Clapperton Falls - 110302
NOTE: IF GATE IS CLOSED, PLEASE USE SECONDARY COORDINATES: N 50 13.446 W 120 38.460.
Flowing in the canyon below the Coquihalla Highway north of Merritt is Clapperton Creek. It is a major tributary to the Nicola River, draining a large portion of the area on both sides of the highway from just north of Merritt to the Surrey Lake Summit. Snowmelt does influence the rate of discharge in this creek, but it flows year round. There are dams at the outflow of both Sussex Lake and Helmer Lake along Clapperton Creek that are used to regulate flow to provide irrigation water in the summer.
In addition to being important for agriculture, Clapperton Creek also provides a source of water for wildlife, as well as a band of riparian habitat along the stream shore where a variety of wildlife, birds and insects are able to take advantage of the more succulent vegetation and dense shrubs found closer to the water.
There are of course species which make the creek itself home, including several types of fish. Rainbow trout, coho salmon, chinook salmon and steelhead are all species present in Clapperton Creek, though there are several barriers to fish passage that prevent the latter three species from journeying very far up the 29 km creek. This means that though there are rainbow trout present along the length of Clapperton Creek, the other three species can only be found downstream of the first barrier to fish passage, since they are anadromous. They migrate to the ocean but must return to their natal stream to spawn, and cannot swim upstream of the barriers. According to the B.C. Ministry of Environment's internet mapping program, "Habitat Wizard", there are two natural barriers to fish passage on Clapperton Creek in addition to the two lake outflow dams. One is a set of falls 2 km upstream from the confluence with Nicola River, and another is found 5 km further upstream.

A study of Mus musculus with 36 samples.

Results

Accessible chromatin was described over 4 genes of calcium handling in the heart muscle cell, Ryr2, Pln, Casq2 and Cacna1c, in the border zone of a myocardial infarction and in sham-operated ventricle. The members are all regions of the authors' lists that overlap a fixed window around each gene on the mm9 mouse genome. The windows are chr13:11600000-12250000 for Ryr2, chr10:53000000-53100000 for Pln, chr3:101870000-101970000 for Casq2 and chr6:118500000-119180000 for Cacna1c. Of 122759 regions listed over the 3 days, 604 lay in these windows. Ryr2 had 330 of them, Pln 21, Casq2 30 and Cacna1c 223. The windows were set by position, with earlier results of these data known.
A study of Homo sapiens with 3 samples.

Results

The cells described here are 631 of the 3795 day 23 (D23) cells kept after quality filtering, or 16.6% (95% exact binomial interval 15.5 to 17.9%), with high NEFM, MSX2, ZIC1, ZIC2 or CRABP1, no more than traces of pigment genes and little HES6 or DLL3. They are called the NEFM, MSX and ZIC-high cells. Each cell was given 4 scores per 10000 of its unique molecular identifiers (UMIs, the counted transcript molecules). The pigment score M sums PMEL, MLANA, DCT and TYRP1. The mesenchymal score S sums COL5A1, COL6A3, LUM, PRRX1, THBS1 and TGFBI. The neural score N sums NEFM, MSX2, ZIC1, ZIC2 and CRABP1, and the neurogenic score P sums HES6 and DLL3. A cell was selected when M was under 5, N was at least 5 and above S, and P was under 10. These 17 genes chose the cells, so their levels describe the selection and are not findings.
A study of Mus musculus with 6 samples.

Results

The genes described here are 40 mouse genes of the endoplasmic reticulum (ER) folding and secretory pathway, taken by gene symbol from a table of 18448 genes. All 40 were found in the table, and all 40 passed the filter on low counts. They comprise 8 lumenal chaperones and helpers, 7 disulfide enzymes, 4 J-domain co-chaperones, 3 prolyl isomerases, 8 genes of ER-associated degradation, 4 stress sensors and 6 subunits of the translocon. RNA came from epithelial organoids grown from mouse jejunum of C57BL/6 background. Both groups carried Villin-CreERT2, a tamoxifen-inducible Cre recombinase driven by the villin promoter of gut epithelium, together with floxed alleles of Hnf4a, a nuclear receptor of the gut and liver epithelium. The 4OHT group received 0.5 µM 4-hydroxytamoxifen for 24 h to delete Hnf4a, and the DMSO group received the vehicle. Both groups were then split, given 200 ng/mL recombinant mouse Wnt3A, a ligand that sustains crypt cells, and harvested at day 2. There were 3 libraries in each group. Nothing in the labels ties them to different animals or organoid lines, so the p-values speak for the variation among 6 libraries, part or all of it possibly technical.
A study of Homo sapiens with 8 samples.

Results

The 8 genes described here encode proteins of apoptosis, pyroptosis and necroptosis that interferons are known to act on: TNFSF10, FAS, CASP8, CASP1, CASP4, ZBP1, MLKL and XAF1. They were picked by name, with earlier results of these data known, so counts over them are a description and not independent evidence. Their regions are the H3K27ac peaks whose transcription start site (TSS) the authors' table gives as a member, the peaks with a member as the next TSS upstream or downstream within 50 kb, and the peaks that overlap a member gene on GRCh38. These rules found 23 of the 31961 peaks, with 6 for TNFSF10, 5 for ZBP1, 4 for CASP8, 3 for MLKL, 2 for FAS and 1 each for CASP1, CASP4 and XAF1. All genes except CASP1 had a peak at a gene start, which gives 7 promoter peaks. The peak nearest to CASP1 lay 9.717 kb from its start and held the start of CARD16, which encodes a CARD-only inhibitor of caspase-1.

This second set of falls is known as Clapperton Falls, and is a hidden treasure that is relatively easy to access from the Coquihalla Highway's northbound lane. There is not an actual highway exit to reach the falls access road. The gravel pit is a good spot to park and begin to explore. The sound of the falls is enticing, and the overhanging perch from which the falls are best viewed is worth the effort to find. There are not established trails to find the falls, nor are there any guardrails to prevent a fall, so walking with caution and keeping pets and children close by is definitely recommended.
One type of plant found near the viewpoint of Clapperton Falls is Fairyslipper (Calypso bulbosa). According to the “Plants of the Southern Interior of B.C.” book, this beautiful purple-flowered orchid is decreasing in numbers due to its sensitivity to trampling and picking. Fairyslipper is also considered a medicinal plant of importance to several Aboriginal groups, including the First Nations people of the Nicola Valley. Enjoy the beauty of both the falls and the flowers, and try to leave the spot as it was when you arrived.